So, I have taken an unlikely plunge. I started my writing career as a poet. I was shoved into writing non-fiction by my first graduate school advisor (Thanks, Jaime), but kept writing poetry, too— finishing grad school with a dual focus in poetry and non-fiction. But let me tell you what I don’t write? Fiction. Well, I lie: I wrote a lot of fiction when I was a kid, and I wrote a short story in my mid-20s that I used as part of my grad school portfolio but, in any grand sense, I don’t write fiction. Except for maybe right now. November is National Novel Writing Month (NaNoWriMo) where tens of thousands of people sign on to the challenge of writing a 50,000 word novel in a month. And because I just wrapped up the bulk of the touring for Hijas and am totally out of practice with sitting at my desk and writing for chunks of time, I thought it would be good practice for me to get back into the writing saddle. So, I’m saddled up and typing away at the computer. There is no working title and my main character does not have a name (got any suggestions? She’s a Latina art teacher whose mom died of breast cancer when she was 14), but I’ve got about 8750 words done so that’s something.
Here’s an excerpt from the very beginning:
I am eating chocolate truffles as if they will otherwise disappear, as if they are all that I need, as if the speed at which I am inhaling them implies I will soon be satiated. I am eating chocolate truffles as if I have not just lost fifty pounds, as if I have not just made out with my best friend’s brother, as if my best friend is not sitting beside me now, unaware.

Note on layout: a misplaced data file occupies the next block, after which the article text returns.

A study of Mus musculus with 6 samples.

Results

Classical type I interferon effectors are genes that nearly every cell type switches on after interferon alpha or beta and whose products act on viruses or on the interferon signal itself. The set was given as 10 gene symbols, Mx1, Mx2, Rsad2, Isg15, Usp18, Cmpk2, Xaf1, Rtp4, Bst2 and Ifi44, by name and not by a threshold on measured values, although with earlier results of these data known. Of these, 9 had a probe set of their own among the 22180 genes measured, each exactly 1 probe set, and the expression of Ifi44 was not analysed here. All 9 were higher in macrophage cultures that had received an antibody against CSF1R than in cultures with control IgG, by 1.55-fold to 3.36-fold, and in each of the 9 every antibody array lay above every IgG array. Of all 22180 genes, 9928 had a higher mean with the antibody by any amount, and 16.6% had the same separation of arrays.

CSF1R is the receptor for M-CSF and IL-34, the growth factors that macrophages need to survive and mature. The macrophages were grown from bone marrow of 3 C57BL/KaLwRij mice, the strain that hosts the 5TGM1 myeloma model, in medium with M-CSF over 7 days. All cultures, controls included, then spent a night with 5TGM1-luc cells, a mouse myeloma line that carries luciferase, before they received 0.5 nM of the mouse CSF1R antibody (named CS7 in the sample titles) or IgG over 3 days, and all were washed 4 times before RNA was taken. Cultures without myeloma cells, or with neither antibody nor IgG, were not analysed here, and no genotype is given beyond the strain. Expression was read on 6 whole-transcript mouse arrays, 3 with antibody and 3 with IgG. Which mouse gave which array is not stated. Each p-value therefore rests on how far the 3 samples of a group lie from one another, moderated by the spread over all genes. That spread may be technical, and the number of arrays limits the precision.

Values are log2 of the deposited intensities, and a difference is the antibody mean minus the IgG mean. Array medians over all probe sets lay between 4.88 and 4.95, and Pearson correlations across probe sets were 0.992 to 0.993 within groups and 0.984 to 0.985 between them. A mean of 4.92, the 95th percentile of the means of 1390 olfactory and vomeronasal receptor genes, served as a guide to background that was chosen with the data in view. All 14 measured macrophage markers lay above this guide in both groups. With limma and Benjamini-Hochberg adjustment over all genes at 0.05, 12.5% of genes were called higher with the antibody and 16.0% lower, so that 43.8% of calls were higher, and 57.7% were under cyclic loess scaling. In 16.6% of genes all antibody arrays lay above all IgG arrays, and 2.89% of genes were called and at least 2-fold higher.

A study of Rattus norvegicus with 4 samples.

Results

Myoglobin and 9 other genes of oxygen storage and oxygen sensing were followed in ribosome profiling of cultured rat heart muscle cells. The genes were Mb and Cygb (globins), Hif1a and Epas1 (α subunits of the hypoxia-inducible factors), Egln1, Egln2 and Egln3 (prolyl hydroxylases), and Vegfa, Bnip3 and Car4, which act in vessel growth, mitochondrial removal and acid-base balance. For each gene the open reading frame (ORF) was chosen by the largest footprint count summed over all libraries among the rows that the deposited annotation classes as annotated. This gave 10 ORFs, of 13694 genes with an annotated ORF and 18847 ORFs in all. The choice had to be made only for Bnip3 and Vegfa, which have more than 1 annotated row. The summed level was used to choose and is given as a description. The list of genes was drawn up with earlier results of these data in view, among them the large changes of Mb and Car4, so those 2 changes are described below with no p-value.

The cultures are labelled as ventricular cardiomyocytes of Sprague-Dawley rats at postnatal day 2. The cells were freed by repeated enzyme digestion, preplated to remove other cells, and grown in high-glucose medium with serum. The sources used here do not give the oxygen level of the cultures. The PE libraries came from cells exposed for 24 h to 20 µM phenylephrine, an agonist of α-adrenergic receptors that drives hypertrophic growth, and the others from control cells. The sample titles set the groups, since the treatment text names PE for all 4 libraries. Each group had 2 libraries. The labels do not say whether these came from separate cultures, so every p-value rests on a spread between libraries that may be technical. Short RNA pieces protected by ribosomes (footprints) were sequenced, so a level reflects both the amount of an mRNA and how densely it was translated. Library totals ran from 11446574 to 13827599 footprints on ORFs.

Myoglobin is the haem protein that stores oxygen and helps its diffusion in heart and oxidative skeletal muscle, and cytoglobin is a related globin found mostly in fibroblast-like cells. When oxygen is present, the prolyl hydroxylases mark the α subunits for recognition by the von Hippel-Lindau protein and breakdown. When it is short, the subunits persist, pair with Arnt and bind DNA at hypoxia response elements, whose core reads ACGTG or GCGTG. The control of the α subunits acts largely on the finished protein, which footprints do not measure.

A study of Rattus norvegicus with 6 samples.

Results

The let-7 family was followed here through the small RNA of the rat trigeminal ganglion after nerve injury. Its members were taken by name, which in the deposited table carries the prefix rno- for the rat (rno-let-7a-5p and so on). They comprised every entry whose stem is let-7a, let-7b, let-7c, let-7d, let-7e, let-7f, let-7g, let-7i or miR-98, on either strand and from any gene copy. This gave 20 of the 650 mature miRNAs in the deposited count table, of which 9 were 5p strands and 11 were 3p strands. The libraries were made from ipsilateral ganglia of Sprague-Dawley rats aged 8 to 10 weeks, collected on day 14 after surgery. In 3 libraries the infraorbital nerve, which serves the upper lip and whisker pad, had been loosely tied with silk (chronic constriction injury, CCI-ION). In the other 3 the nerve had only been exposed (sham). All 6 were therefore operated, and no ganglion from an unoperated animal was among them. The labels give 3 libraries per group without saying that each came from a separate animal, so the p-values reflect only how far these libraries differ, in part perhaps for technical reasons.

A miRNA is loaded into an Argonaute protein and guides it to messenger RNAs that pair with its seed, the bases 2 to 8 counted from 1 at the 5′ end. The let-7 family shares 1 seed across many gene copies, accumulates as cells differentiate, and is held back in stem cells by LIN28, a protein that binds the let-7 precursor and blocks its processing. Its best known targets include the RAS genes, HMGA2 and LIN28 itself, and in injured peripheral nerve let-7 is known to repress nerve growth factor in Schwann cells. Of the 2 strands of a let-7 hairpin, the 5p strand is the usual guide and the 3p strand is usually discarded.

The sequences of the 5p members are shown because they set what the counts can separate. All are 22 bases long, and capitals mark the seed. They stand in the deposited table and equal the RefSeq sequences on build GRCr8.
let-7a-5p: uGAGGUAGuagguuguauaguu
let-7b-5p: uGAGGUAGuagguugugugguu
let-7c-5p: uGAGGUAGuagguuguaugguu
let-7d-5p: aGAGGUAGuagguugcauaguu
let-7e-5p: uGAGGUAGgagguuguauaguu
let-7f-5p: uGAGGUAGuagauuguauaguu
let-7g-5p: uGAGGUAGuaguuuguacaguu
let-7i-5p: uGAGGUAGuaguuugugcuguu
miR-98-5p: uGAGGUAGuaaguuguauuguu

We are on the shore of the lake beside her house. The water lapping in front of us, truffles between us, the sun gentle in the sky, a nap lazily behind us.
“How is your family?” I ask, as if I don’t know, as if I have not just seen her brother, as if I feel nonchalance. I laugh at my absurdity, catch the smoothness of the truffle in my throat, cough deeply, tear up, stare away from Anna, the caught truffle calling me out.
“Why are you laughing?” She asks; and I stall, swallowing lemonade and reacting bitterly to the mix of chocolate and lemon. I take a moment to reply.
“You know how I laugh when I am in pain.”
I nod, knowing that I am on the cusp of revealing myself and trying desperately not to let on that something is churning inside of me.
“Well, Mom is fine; still teaching and not at all affected by her birthday. Dad is good; I told you they got all the skin cancer, right?”
I nod again, edging her forward.
“Sarah should be here sometime tomorrow. She’s got an exam and then she is coming, and Zeke proposed to Robin last weekend.”
My breath stops, and my stomach flips over more violently than it already was.
“I didn’t see that coming; did you know?” My face is flashing red, my mouth flooded with saliva.
“No. I don’t think any of us did. They fight so much. I just figured at some point they would hang it up, but when he got here yesterday, he said that he proposed last Saturday. She can’t make it to the party, though. She has some business meeting in Omaha for work.”
I forget that the lemonade is too bitter with the truffles and take another sip. I retch from the taste and finally feel the build-up of sugar in my stomach. Too much, I know, as my heart starts a mild race. I roll my eyes at myself, at how I have never been able to balance excess and deprivation. There is no moderate in me. In the metaphor of my life, there is only starving or flush.